Better oral hygiene could lower pneumonia risk
There may be another way to prevent pneumonia this time of year: brush your teeth.
New research from the Yale University School of Medicine discovered changes in mouth bacteria preceded the development of pneumonia in hospital patients. After studying 37 participants over the course of a month, Samit Joshi, M.D., leader of the study, concluded that changes in oral bacteria play some role in a person's risk for developing pneumonia.
The research team discovered patients on ventilators who contracted pneumonia experienced a significant change in their oral bacteria prior to falling ill. While further research is required to definitively link oral bacteria with pneumonia, other studies have affiliated oral health with respiratory diseases.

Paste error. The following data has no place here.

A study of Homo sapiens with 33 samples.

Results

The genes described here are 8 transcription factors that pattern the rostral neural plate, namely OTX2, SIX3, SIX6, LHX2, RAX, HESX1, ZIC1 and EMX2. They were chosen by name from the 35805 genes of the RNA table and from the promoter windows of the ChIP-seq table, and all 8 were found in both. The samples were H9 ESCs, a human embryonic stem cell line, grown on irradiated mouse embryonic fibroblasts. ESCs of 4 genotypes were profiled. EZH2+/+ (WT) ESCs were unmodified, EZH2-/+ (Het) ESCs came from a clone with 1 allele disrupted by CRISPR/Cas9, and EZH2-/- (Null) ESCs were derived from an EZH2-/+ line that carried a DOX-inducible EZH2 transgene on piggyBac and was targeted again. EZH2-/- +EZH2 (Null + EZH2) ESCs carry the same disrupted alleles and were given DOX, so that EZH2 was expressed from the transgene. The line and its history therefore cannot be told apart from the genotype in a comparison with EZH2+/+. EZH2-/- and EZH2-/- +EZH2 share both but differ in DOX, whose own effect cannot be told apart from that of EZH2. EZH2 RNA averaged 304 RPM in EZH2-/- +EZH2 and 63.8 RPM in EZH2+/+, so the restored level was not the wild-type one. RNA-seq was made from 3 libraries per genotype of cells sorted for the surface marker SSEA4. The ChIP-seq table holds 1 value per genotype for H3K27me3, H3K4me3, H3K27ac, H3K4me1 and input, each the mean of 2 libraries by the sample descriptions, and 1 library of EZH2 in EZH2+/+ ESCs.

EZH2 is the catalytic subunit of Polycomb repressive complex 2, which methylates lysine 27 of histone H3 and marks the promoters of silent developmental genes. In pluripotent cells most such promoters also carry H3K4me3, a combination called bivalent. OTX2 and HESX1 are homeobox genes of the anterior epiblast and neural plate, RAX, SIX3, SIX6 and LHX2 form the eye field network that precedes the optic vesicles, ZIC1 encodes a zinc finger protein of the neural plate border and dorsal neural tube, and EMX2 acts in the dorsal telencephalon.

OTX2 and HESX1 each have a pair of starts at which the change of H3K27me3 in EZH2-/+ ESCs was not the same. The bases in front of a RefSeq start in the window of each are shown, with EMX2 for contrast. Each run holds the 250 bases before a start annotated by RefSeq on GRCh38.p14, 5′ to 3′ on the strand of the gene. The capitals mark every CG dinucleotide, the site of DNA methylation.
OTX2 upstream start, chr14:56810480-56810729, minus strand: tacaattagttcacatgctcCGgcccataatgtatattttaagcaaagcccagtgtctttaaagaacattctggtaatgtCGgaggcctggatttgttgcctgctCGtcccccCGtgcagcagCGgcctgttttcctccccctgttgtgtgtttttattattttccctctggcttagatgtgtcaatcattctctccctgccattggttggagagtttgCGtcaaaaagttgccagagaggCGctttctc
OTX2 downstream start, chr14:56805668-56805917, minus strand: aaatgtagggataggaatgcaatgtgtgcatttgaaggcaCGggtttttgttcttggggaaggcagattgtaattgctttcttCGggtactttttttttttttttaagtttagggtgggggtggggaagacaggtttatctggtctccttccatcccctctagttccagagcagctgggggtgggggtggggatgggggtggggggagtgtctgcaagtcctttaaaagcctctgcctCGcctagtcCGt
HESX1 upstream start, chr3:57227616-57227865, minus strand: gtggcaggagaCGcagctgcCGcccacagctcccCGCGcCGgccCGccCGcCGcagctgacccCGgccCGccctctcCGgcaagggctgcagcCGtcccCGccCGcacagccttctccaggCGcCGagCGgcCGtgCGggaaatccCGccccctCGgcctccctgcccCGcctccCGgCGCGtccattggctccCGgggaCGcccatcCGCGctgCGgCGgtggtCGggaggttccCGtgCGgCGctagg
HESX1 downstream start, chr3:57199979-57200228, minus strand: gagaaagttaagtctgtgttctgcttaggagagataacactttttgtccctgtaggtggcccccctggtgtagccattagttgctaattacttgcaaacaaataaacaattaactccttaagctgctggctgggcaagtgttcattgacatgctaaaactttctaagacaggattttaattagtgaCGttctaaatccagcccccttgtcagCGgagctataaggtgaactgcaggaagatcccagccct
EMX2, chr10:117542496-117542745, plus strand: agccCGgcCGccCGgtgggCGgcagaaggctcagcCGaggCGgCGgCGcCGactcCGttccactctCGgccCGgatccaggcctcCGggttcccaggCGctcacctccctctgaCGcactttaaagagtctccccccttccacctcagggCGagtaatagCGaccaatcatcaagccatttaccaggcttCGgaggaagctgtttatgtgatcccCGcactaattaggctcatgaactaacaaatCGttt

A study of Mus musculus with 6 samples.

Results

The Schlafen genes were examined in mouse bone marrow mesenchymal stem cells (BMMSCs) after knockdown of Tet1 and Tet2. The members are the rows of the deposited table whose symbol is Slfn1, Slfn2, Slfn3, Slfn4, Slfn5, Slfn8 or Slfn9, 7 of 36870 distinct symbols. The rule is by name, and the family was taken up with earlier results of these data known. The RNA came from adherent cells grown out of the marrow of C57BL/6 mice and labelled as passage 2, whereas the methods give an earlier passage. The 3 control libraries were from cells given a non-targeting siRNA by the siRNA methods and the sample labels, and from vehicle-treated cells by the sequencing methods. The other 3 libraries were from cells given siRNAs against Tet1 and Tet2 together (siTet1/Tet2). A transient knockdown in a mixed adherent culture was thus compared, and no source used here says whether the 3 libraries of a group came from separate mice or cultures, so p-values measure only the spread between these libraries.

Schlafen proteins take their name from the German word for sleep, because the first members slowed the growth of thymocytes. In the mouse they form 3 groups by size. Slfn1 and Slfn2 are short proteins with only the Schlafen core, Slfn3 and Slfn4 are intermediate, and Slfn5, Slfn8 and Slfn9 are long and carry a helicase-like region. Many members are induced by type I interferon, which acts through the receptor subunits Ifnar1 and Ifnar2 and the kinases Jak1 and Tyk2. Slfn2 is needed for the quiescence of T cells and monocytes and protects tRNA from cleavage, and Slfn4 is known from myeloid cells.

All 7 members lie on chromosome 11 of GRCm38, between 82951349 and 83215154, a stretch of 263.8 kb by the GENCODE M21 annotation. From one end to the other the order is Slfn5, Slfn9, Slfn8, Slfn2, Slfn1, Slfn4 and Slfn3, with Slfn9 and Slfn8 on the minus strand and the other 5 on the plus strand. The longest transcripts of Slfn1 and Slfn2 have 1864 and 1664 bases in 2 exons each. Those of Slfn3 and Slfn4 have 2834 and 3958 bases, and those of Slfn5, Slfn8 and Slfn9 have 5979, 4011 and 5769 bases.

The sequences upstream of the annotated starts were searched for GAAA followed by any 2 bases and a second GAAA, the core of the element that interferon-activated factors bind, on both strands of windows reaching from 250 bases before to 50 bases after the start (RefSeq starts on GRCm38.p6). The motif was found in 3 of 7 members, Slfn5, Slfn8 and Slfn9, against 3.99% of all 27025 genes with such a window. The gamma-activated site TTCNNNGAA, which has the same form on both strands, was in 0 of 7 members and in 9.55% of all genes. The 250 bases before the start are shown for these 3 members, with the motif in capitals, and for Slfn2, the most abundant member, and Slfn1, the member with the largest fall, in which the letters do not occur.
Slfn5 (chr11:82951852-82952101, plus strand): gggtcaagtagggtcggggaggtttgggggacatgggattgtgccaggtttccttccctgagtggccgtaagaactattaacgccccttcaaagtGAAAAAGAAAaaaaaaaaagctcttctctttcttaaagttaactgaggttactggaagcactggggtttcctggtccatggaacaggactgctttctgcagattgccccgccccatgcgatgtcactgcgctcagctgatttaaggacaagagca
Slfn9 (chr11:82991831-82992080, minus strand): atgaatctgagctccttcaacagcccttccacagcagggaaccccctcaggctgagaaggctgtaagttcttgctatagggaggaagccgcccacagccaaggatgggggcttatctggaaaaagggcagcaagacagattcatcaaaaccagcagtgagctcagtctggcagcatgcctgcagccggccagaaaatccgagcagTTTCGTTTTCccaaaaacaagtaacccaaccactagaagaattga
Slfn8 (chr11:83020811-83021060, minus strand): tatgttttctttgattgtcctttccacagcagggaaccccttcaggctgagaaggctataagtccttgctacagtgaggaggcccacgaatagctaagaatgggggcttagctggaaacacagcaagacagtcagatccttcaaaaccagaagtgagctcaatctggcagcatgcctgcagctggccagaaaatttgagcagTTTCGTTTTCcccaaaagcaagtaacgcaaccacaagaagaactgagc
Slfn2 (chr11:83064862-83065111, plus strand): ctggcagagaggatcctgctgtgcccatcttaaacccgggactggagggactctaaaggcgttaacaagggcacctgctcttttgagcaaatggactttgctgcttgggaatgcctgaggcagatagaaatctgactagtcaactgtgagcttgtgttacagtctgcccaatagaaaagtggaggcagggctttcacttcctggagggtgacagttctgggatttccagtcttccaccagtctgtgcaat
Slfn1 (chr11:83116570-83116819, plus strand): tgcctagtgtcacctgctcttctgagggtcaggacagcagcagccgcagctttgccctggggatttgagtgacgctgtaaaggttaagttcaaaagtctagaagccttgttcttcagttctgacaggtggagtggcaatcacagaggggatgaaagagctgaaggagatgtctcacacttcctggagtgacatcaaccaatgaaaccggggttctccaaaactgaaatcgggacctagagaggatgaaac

"Our findings may improve the way we prevent pneumonia in the future by maintaining the bacteria that live within our mouths," Dr. Joshi said.
Respiratory illnesses and oral health have been linked for years. Bacterial infections in the chest are believed to be caused by breathing droplets from the mouth and throat into the lungs. Studies have shown a higher pneumonia mortality rate from people who experience an above average amount of gum problems.
"Simply brushing your teeth two minutes twice a day using a fluoride toothpaste, cleaning in between teeth daily with interdental brushes or floss, cutting down on how often you have sugary foods and drinks, and visiting the dentist regularly, as often as recommended, will be a great starting point," Dr. Joshi said.
Dr. Joshi presented the research at the Infectious Diseases Society of America annual meeting in October 2011.